Photo credit: Jennifer Fetter, Penn State University
We are all part of a watershed. Watersheds are land areas that drain to the nearest body of water. For example, if you are in western Pennsylvania, you are part of the Ohio River watershed, while eastern Pennsylvania lands may ultimately drain to the Chesapeake Bay. Smaller local creeks and streams also eventually drain to a larger local water body.
FloodingWhen excess water has nowhere to go, flooding can impact property and cause damage to land and structures. Flooding can also be a public safety issue that affects entire communities. Pollution and Health ImpactsStormwater picks up anything that is on the ground and carries it along with it. Animal waste, chemicals, pesticides, oil, and sediment – all end up in waterways and potentially in our sources of drinking water. Streambank ErosionUncontrolled stormwater can cause streambank erosion, leaving bare soil and exposing tree roots. This can lead to property damage and cause issues with streambank stability. SedimentationErosion and runoff, can also lead to sedimentation. Sedimentation of waterways from runoff causes changes to aquatic habitats. Undesirable plant growth increases, water becomes more turbid or cloudy, which leads to disruption of aquatic ecosystems. Sedimentation also fills in waterways, which can increase the flooding potential. Impacts to Groundwater RechargeIf stormwater isn’t sinking into the ground it can affect recharge of groundwater resources. This can affect water levels in drinking water wells as well as impacting levels in surface water. Impacts to Recreational OpportunitiesStormwater runoff can cause polluted waterways which can lead to restrictions on boating, swimming, and fishing in recreational areas.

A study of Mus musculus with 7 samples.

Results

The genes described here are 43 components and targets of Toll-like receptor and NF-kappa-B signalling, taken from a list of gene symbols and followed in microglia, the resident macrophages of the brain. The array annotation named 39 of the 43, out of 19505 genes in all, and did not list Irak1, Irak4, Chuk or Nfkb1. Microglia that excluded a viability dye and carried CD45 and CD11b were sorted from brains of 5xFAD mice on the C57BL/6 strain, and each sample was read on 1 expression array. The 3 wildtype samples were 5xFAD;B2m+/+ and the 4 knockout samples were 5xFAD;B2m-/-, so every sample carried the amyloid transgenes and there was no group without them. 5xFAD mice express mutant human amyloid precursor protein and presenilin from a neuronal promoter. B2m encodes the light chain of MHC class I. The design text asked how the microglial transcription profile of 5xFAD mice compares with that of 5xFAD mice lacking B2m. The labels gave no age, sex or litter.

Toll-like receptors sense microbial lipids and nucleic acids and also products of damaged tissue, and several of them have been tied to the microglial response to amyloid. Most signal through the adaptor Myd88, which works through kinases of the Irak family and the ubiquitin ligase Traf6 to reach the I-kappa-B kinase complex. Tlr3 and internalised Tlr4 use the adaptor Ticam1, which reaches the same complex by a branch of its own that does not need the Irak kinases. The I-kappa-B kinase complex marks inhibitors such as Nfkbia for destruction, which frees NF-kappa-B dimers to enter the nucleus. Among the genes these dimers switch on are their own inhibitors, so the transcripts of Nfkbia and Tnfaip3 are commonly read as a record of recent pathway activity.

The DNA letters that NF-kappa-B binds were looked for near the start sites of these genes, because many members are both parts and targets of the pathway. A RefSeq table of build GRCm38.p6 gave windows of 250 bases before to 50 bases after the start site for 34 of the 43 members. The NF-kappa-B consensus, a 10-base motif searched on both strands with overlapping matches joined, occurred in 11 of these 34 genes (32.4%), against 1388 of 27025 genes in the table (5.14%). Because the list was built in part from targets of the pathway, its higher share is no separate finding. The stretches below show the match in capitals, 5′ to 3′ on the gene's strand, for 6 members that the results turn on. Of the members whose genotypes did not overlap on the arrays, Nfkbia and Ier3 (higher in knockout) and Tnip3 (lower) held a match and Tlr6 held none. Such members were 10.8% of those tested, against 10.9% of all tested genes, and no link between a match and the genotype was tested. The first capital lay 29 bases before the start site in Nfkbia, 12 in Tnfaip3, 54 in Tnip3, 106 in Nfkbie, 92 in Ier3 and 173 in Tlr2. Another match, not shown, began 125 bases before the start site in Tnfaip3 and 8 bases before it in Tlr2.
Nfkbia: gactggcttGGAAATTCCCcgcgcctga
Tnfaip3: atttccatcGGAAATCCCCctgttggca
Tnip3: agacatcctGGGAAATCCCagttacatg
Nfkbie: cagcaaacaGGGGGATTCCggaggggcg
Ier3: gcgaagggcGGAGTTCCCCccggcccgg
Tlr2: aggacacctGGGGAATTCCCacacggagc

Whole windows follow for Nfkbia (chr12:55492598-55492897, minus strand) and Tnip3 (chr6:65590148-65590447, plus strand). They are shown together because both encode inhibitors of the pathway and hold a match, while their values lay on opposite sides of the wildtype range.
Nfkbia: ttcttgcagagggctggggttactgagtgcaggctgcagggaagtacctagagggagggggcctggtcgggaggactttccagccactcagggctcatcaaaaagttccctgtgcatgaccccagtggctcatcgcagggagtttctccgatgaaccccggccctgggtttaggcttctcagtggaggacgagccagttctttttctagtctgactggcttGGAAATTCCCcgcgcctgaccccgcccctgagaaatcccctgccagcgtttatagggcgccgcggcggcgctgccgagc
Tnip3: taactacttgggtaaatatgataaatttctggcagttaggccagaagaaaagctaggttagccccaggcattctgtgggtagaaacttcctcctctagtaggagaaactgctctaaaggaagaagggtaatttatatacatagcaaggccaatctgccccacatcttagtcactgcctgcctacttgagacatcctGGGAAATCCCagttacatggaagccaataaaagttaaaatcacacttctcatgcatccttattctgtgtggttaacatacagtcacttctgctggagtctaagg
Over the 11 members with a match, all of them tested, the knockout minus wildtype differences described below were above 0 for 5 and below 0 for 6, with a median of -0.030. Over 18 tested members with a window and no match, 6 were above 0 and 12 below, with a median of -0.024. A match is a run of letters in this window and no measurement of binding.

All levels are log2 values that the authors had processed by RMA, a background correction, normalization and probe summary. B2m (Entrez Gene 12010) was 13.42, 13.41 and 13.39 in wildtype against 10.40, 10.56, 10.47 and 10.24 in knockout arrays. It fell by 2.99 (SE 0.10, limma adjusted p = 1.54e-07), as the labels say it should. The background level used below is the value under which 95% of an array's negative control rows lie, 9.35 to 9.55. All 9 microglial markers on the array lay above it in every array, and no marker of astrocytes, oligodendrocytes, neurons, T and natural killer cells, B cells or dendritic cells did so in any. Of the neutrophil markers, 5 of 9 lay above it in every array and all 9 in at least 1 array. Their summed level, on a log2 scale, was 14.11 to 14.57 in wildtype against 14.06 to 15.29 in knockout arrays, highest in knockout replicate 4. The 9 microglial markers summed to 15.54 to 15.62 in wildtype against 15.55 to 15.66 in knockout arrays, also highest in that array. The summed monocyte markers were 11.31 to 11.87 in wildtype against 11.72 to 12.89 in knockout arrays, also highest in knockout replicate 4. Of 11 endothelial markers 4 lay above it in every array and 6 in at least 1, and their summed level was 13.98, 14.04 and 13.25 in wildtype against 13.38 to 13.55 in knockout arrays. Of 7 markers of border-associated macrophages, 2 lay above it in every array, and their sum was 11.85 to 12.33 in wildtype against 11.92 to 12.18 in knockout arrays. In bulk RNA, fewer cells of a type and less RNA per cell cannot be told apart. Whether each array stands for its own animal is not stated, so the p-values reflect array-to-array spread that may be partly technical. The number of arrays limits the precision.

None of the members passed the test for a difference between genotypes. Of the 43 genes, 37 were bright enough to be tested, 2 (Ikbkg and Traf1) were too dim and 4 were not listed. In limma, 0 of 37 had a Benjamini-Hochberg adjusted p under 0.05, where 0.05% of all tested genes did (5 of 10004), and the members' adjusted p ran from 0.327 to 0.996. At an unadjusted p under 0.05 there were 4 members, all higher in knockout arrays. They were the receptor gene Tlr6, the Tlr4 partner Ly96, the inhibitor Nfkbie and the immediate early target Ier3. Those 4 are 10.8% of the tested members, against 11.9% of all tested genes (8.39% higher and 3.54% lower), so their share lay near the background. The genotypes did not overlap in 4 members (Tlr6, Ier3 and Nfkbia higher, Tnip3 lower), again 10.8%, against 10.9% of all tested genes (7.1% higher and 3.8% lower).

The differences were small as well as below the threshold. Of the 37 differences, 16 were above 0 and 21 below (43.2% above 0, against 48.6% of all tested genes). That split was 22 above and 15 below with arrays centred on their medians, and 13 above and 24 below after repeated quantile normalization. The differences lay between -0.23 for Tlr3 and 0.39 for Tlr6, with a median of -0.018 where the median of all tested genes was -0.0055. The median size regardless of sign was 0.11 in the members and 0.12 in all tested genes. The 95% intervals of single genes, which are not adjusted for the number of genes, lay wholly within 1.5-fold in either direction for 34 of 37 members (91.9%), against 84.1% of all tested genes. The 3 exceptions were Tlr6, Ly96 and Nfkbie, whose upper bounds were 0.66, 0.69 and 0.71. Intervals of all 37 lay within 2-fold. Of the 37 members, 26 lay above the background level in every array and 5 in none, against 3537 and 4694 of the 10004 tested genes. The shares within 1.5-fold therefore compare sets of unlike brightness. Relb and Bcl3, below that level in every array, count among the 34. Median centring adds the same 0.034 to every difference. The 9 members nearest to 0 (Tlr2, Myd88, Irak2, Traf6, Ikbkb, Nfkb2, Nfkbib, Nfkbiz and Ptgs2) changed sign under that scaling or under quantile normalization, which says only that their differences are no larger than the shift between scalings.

Making changes to how stormwater is managed can go a long way to reduce negative impacts. Even small actions by individual homeowners like using a rain barrel, choosing permeable landscaping surfaces, or installing a rain garden can make a difference. Stormwater affects everyone!
If you have additional questions about stormwater, or you are just interested in learning more, you can find a full series of videos and articles in the
Penn State Extension Stormwater Basics series.